Efficiency is a measure of how much of its energy a machine converts into useful work. No machine ever converts all its energy into work: some energy is always wasted in the process. Car engines convert fuel into the energy they need in order to move, but get hot as they do so. This heat does not help the car to move, so a car is relatively inefficient, compared to other machines.

Bicycles are efficient machines. They allow riders to convert muscle power into movement with little wasted energy. Racing cyclists wear aerodynamic clothing. Less energy is wasted overcoming air resistance, so more energy is used to move the bicycle.

Some machines can do work more quickly than others, and these are said to be more powerful. Power is the amount of work that something can do in a certain amount of time. Cars with bigger engines can go faster, which means they cover more distance in the same time. This means faster cars do work more quickly than slower cars, so they are more powerful machines.

The amount of work done when a force acts over a distance equals the size of the force (measured in newtons) times the distance through which it moves (measured in metres). The work done is measured in joules, named after English physicist James Prescott Joule (1818–1889). An amount of work takes the same amount of energy to do it, so energy is also measured in joules.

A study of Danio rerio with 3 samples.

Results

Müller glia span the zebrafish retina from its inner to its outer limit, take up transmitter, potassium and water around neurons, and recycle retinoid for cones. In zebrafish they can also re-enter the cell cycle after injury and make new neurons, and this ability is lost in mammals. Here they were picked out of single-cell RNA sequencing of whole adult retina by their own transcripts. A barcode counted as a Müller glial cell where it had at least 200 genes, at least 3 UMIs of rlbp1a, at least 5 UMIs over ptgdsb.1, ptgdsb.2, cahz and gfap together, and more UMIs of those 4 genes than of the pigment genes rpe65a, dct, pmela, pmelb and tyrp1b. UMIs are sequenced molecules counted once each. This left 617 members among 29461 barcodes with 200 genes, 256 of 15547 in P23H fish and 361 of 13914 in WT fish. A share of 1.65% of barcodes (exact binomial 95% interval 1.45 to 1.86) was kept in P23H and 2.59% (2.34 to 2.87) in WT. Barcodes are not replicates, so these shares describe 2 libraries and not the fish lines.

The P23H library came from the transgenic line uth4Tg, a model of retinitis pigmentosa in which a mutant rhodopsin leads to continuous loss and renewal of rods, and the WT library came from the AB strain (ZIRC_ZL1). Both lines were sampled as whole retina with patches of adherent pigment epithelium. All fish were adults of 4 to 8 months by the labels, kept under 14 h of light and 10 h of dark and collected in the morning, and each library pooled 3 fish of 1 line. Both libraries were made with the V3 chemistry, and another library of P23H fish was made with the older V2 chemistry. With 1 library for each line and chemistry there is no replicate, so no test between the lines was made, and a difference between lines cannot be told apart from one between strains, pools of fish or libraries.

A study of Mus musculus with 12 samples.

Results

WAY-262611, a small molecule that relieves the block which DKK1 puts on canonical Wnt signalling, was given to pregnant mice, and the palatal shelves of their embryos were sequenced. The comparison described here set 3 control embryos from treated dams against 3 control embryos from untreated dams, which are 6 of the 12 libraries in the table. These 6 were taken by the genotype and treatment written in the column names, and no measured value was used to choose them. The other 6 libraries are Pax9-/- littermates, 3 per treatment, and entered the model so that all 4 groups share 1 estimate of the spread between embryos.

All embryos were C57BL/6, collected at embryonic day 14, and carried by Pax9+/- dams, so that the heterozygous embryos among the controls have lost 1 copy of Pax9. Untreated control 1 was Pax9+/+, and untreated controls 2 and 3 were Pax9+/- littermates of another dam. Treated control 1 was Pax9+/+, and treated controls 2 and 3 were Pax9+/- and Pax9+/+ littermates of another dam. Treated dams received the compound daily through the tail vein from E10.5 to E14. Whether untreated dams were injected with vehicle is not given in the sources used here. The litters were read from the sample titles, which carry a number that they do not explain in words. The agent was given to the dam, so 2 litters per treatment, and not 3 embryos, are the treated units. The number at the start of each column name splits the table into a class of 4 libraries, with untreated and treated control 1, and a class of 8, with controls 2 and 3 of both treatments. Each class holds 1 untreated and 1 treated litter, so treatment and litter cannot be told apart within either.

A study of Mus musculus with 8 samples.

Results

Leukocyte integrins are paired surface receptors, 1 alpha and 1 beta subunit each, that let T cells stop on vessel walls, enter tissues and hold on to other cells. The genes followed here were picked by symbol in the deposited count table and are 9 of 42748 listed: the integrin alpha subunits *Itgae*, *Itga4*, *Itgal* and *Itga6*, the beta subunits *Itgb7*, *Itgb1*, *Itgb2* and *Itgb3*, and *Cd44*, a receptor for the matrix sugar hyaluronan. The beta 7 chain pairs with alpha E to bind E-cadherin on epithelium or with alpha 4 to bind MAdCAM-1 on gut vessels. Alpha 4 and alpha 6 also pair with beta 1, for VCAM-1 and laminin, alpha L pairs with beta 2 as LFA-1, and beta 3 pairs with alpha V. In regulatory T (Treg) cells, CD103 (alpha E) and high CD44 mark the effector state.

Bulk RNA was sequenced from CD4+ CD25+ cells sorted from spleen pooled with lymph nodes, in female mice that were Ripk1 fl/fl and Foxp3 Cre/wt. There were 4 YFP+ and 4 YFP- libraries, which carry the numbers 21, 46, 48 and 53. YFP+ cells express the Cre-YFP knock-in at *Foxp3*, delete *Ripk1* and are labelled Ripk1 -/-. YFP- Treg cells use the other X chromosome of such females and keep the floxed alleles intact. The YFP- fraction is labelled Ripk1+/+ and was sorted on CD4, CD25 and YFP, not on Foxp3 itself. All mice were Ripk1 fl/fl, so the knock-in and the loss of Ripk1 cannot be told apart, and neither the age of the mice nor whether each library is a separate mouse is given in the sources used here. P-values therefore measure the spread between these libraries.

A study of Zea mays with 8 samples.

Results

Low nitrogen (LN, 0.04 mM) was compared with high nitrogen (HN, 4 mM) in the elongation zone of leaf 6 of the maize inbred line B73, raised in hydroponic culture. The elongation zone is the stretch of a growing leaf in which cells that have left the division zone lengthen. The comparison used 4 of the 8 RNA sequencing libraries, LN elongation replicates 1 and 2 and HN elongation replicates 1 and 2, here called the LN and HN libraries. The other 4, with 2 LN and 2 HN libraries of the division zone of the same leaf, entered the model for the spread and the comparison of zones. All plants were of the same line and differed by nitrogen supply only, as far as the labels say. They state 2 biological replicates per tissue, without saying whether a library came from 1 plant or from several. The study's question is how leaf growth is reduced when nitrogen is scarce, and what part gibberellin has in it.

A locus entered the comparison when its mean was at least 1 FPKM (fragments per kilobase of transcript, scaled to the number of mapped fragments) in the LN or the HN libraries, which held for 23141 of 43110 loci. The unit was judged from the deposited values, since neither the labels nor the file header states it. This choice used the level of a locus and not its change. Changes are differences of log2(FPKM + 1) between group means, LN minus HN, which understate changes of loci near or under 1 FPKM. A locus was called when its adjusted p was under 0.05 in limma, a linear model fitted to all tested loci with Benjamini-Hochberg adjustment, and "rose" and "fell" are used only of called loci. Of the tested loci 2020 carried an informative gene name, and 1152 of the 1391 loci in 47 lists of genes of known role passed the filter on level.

One joule is the work that has to be done to make a force of one newton act over a distance of one metre. One joule of energy is needed to do one joule of work. It would take two joules of work to apply the same force for a distance of two metres.

When a tennis player hits the ball, he does work. If he eats a banana before the match, his body can use the energy it contains to do this work. The energy value of food is measured in kilojoules or kilocalories (Calories for short). The body does not convert all the energy in food into useful work, so it is not 100% efficient.